First-home buyers need personal insurance: Joe Sirianni

First-home buyers shouldn’t ignore personal insurance – such as life or disability insurance and income protection – thinking they’re too young to need it or can’t afford it.

Appropriate insurances are essential for anyone with a home loan or any form of significant debt.

It doesn’t matter if you’re a 25-year-old buying your first house or a 45-year-old upsizing the family home for the third time, personal insurance should be a not negotiable.

Anyone with a major financial commitment such as a mortgage, no matter what their age, really needs to look at having personal insurances in place to protect themselves.

There are a range of insurances on offer and understanding these helps people to put a risk management strategy in place that will work for their individual circumstances:

Income protection – Income protection insurance will cover up to 80% of your pre-tax salary if you are temporarily unable to work due to illness or injury. The premiums are tax deductible.

Trauma insurance (also known as recovery insurance) – Pays a lump sum if you are diagnosed with a serious illness such as cancer, heart attack or stroke, or undergo major surgery.

Total and Permanent Disability (TPD) insurance – Pays a lump sum if you become totally and permanently disabled.

Life cover – Also called life insurance or term insurance, this pays a lump sum when you die or become terminally ill.

While it needs to be recognised that first-home buyers are often juggling a tight budget, it's also true that they can't afford not to have appropriate insurances in place.

Insurance premiums might add an extra $80 or $100 to the monthly budget, but the cost of not having cover in place could potentially be devastating.

If the concern is that they can’t afford the $80 or $100 a month in premiums, then what happens if they are no longer able to work? How does everything from the mortgage to the electricity and groceries get paid?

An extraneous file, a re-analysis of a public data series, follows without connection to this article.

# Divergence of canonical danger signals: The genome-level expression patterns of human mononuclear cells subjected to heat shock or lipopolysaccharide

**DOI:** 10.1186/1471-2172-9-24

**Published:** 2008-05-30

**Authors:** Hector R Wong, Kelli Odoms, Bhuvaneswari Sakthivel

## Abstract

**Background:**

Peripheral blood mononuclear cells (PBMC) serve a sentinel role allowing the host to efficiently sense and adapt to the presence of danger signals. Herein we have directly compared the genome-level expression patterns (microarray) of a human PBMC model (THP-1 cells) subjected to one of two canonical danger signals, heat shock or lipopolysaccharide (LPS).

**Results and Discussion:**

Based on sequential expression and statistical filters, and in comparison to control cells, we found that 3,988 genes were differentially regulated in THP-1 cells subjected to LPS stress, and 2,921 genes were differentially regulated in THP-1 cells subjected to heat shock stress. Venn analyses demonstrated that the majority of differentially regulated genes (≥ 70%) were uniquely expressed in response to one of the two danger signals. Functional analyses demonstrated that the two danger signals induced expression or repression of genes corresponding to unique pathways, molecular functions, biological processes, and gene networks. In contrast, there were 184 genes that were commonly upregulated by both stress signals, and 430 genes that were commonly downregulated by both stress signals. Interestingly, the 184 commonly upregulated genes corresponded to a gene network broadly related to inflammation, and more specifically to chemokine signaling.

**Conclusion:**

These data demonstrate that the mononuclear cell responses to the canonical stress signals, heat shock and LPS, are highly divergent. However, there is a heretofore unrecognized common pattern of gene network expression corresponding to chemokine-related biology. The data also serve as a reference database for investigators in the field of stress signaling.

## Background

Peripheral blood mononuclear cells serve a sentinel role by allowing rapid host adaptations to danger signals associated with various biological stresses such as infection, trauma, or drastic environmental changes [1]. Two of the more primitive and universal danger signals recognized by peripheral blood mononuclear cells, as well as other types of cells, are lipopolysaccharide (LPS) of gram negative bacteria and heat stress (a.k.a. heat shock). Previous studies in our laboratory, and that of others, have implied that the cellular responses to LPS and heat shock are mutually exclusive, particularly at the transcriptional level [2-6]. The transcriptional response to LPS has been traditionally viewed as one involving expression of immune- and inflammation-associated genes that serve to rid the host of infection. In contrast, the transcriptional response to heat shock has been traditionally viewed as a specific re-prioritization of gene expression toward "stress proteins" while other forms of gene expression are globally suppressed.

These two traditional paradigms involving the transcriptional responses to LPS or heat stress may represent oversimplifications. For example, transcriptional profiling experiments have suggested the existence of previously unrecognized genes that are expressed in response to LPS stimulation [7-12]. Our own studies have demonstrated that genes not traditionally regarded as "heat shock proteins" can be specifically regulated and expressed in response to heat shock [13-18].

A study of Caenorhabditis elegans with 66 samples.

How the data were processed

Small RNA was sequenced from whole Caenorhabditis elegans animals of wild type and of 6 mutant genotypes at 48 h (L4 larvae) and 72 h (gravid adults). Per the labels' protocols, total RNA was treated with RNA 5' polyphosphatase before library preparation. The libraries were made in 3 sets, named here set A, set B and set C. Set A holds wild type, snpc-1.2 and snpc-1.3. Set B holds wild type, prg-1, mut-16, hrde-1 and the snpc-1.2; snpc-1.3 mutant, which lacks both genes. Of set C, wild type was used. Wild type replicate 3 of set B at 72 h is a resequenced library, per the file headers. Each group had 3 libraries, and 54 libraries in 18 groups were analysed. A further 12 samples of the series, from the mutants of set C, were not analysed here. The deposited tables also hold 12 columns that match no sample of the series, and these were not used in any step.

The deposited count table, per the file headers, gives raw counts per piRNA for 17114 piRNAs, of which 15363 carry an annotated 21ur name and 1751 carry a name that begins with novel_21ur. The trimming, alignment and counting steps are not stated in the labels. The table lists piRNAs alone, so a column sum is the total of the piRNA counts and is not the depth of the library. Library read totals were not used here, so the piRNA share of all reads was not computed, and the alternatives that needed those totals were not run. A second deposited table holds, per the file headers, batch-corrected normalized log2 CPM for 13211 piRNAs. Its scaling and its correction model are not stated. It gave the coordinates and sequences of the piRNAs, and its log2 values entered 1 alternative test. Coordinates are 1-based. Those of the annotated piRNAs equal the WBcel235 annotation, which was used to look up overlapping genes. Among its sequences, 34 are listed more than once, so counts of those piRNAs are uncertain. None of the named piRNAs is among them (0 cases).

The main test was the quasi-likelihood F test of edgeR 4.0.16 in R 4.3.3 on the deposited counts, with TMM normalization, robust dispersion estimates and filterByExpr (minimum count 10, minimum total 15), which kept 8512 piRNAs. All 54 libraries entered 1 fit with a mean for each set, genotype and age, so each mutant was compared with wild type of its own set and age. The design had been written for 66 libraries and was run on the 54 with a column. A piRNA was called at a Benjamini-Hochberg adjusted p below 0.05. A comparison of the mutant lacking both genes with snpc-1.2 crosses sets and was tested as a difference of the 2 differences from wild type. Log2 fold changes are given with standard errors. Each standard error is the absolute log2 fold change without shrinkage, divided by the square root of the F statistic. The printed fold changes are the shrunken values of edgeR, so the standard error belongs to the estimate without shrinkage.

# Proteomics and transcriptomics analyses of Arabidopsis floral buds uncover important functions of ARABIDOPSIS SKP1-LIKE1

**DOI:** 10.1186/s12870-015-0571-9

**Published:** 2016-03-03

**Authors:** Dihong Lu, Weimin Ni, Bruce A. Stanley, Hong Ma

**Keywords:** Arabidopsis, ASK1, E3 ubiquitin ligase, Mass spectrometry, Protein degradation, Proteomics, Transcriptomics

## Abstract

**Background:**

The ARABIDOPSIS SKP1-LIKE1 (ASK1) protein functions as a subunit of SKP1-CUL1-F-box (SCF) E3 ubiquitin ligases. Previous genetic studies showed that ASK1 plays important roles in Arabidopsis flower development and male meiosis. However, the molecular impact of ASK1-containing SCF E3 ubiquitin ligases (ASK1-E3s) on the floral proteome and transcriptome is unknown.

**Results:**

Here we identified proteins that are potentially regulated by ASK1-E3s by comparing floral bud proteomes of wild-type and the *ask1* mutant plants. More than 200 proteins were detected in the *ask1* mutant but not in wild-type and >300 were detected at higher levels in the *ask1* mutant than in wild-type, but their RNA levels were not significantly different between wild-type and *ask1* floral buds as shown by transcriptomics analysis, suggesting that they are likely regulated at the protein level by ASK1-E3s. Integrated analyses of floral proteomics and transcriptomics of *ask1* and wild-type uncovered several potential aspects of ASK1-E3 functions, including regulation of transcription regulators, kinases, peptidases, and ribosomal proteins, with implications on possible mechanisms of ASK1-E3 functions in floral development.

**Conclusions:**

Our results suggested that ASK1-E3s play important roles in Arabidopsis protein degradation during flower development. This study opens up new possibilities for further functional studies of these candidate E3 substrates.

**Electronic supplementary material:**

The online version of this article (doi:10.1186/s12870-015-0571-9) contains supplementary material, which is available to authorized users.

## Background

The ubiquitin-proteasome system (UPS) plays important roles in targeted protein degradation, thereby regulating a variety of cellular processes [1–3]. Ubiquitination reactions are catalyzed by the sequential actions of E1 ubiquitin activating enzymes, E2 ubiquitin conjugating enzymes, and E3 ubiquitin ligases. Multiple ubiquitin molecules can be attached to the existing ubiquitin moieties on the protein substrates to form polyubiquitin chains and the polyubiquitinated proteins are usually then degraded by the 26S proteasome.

The earlier in life you put personal risk insurance in place, the more affordable it will be. Generally speaking, insurance premiums for a 25-year-old are significantly cheaper than for a 45-year-old.

Taking out the insurance when you’re young and presumably fit and healthy means it’s easier to be approved for the insurance in the first place, and it will be cheaper.

Insurance industry figures show more than three out of four Australians will contract a serious illness at some stage in their working life.

Many people mistakenly believe they only need to worry about insurance when they have children.

While having a family heightens the need, if you’re a single person solely responsible for your mortgage, how would that mortgage be paid if you had an illness that meant you couldn’t work for a year?

It might be that life insurance isn’t such a priority as you don’t necessarily need to leave money behind, but income protection and trauma insurance could be the difference between being able to keep your house or not if you had an accident or became ill.

Joe Sirianni is executive director of Smartline.